Handmade: meet the dream weavers at Gainsborough Silks

Words by
Charlotte McManus

3rd January 2017

Blending past and present in heritage fabrics, Gainsborough Silks is one of Britain’s oldest mills, crafting materials for royalty, politicians and celebrities alike

Founded by Reginald Warner in 1903, and a Royal Warrant Holder since 1980, Gainsborough Silks has a rich and varied history studded with such high-profile clients as Buckingham Palace and the White House. What’s the secret behind the brand’s ongoing success? “We’re doing exactly as we did 100 years ago,” explains creative director Russell Sage. “Our mill has complete integrity — it’s changed so little and there’s a real attention to detail.”

It’s changed so little and there’s a real attention to detail

The production process takes place at the company’s Suffolk mill. As many fabrics are combined with other natural materials to create different textures, yarns range from Yorkshire wool and Egyptian cotton to Belgian linen and Chinese silk, before being treated with hand-mixed dyes and prepared for the weaving machines. “In addition to our old looms, we have two new Dornier looms with computer software to control them. But that only accounts for about 10 per cent of what we do,” says Sage.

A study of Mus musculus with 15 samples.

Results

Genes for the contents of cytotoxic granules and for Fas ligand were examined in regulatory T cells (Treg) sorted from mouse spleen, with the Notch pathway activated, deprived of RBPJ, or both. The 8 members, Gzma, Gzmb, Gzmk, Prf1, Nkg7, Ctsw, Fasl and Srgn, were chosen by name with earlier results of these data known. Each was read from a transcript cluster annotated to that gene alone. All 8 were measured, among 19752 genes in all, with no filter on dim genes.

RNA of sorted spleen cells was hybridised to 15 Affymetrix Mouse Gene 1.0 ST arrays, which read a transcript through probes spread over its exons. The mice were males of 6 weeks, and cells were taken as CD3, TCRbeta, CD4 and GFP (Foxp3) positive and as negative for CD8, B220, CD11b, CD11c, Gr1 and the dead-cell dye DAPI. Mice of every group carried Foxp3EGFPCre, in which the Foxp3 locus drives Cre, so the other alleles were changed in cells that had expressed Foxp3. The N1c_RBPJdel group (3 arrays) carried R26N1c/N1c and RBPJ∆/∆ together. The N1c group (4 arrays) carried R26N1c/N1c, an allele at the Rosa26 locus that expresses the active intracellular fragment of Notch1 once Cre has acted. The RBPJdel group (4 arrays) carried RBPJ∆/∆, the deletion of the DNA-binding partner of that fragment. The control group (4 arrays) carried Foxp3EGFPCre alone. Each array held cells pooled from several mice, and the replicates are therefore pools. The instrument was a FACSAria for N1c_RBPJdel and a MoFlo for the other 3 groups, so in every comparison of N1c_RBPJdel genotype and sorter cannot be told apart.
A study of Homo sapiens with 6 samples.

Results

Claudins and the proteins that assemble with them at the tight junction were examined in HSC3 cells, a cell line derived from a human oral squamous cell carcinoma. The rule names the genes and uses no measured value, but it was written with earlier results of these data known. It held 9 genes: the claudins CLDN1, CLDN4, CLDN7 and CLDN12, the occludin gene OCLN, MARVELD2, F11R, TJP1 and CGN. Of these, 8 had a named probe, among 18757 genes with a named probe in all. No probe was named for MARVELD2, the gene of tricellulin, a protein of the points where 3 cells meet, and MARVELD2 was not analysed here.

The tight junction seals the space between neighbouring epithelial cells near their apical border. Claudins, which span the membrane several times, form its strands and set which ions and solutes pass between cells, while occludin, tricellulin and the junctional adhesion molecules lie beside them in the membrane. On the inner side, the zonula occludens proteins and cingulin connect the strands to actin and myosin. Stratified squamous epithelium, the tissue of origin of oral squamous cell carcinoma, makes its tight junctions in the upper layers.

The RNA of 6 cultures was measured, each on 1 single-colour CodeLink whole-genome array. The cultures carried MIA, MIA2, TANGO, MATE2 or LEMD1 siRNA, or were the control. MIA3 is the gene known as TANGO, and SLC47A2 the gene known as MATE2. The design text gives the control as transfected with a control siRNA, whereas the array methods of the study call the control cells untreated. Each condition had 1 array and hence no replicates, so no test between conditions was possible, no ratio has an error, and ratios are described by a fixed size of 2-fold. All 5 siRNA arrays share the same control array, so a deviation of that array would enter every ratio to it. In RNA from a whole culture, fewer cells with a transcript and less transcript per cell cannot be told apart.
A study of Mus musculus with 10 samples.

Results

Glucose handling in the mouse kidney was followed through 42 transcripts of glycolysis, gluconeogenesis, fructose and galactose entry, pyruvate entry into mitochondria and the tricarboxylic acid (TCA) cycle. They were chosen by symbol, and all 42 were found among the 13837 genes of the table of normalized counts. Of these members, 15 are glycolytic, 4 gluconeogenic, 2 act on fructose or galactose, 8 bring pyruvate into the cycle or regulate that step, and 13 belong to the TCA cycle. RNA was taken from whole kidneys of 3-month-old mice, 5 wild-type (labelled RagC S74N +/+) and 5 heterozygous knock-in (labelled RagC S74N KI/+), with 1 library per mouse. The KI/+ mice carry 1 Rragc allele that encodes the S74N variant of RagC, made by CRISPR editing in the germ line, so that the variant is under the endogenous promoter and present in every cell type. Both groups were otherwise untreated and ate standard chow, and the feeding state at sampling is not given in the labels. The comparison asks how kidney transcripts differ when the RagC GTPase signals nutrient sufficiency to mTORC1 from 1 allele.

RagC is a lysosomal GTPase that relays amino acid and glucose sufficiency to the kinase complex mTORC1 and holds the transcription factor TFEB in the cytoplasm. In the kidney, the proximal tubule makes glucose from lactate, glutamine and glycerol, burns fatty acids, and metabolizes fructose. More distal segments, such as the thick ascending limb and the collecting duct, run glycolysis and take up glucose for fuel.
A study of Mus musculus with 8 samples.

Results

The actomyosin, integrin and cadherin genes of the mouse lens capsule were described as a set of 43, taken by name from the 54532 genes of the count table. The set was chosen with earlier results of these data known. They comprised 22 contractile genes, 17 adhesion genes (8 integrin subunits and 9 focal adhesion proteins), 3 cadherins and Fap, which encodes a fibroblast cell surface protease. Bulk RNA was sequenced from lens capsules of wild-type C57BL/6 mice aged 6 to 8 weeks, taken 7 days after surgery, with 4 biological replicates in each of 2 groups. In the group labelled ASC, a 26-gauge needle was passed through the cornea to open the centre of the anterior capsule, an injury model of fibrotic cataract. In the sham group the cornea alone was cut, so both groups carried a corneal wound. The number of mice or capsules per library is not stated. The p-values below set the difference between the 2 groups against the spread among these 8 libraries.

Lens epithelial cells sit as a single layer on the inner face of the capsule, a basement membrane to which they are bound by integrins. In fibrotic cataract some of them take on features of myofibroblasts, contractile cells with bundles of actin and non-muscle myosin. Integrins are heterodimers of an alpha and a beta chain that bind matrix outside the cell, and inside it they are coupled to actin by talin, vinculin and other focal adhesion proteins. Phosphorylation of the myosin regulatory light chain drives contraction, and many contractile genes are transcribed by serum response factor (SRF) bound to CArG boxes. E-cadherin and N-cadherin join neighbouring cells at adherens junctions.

Traditional weaving techniques

Traditional weaving techniques

The process, encompassing design, dyeing, winding, warping, knotting, weaving and inspection, takes between a week and 10 days, allowing time for the yarns to dry. “Every bit of the process is demanding, but that’s what makes it special,” Sage says with pride. “The mill is most alive when it’s being thrown challenges.”

Silk fabric
Swatches of silk are hand selected
Silk fabric swatch book

Gainsborough Silks is now preparing to enter a new phase. Artist and wallpaper designer Karen Beauchamp (previously of Cole & Son) is developing the brand’s core collection, set for release in September. “The collection will say to people: ‘We’re here, we’re up-to-date and we’re not taking away from you what you’ve always loved’,” Beauchamp explains, “but we’re being selective and focusing on the pieces that are right for now. We’re trying to build a foundation that people can use; rebuilding Gainsborough’s heritage, basically... We want to show off the amazing skills of the people who work at Gainsborough.”